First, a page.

Norovirus season starts early
13th November 2012 - Cases of norovirus or winter vomiting bug have been rising earlier in the season than in previous years.
Norovirus monitoring in England and Wales by the Health Protection Agency found hospitals reporting 58 outbreaks occurring from the start of October to the beginning of November.
48 of these resulted in ward or bay closures or restriction to hospital admissions.
The norovirus season is monitored from July to the end of the following June. Already laboratory confirmed cases have risen 27% this year on the same period in 2011.
Norovirus is also known as small round structured virus (SRSV) or Norwalk-like virus.
It is common in places such as hospitals, nursing homes, schools and cruise liners.
Norovirus causes an upset stomach, also known as gastroenteritis, and the main symptoms are diarrhoea and vomiting. Some people also experience fever, headache, stomach cramps or aching limbs.
Although it is an unpleasant illness to catch, for most people symptoms are generally mild and it clears up within two to three days of infection.
Not all cases of norovirus get reported, but the NHS estimates that between 600,000 and a million people in the UK catch the bug each year.
There is no specific treatment for norovirus, but drinking plenty of water is important to replace fluids lost from diarrhoea and vomiting. Age-appropriate paracetamol or ibuprofen can help with aches and pains. The NHS advises people to stay at home rather than going to the doctor and seek medical advice if they have concerns.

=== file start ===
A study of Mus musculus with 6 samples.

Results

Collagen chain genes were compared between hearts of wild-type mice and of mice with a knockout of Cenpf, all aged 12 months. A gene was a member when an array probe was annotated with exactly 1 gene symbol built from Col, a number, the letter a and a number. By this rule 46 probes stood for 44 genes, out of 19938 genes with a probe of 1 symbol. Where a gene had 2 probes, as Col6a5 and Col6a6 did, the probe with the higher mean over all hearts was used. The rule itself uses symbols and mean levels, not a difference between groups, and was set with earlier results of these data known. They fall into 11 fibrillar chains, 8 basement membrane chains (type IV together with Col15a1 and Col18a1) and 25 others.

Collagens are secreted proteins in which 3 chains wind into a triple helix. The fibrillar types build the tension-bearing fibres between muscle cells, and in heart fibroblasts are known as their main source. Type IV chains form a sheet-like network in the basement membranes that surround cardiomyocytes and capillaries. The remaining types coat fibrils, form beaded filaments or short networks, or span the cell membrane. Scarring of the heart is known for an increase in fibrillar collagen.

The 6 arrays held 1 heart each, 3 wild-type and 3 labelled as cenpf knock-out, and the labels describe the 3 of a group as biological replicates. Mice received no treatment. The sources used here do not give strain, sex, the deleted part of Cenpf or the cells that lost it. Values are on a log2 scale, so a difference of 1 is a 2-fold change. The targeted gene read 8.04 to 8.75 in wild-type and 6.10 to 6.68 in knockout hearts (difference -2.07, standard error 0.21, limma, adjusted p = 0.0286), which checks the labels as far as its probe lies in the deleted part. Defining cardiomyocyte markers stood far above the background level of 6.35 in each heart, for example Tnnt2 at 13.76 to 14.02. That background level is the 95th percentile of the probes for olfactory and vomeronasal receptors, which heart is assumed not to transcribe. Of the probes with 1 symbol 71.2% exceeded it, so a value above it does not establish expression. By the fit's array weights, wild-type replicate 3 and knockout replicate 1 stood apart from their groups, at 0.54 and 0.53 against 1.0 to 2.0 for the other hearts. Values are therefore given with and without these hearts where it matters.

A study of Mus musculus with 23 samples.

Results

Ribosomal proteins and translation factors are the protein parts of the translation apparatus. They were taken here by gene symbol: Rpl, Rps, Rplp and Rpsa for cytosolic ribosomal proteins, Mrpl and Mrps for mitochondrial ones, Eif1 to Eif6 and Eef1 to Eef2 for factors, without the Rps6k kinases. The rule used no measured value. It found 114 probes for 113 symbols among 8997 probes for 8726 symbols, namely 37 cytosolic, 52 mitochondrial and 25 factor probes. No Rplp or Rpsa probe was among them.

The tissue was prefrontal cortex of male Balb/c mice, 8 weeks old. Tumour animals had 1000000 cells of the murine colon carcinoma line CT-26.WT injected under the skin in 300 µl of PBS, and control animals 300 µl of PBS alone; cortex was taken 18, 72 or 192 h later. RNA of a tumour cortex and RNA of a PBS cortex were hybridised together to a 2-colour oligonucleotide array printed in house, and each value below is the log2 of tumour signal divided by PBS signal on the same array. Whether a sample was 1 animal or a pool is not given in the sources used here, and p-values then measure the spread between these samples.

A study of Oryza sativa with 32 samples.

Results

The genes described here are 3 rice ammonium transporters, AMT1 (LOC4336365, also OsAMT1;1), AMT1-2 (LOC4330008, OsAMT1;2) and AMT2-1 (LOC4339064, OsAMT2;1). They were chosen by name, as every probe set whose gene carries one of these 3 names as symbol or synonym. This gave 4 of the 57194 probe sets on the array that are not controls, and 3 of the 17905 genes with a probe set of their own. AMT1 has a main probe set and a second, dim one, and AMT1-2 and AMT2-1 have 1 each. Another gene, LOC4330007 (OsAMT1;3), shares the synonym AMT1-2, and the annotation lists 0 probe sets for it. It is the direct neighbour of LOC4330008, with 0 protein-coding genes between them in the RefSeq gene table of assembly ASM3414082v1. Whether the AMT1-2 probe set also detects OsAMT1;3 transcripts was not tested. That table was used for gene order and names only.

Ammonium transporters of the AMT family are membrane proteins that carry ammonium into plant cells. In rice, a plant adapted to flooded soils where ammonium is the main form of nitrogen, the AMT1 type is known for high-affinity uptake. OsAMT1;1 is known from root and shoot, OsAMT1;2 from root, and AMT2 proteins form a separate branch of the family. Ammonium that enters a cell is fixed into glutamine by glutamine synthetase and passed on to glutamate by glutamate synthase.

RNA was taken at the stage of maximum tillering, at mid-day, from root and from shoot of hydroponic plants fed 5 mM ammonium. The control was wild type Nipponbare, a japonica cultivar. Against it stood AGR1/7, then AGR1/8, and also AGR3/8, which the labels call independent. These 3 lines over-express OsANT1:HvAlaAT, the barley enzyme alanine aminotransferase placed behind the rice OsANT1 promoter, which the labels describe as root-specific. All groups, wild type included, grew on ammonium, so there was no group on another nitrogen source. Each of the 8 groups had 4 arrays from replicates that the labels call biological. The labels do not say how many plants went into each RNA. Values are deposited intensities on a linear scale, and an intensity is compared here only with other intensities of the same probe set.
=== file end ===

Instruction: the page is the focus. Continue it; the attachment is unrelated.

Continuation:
Tighter rules for managing norovirus
Last winter, new guidelines were published for dealing with cases of the winter vomiting bug.
Patients with norovirus should be treated in single rooms or bays to prevent whole hospitals from being closed.
Outbreaks of the winter vomiting bug have frequently led to ward closures and the virus is estimated to cost the NHS more than £100 million each year.
Good hygiene is an important way to help avoid norovirus infection or spreading it to others.
It is also important not to share towels or flannels with an infected person.
Care should be taken to clean up and disinfect areas where an infected person has been.
If you have norovirus, avoid contact with other people for at least 48 hours after your symptoms have gone.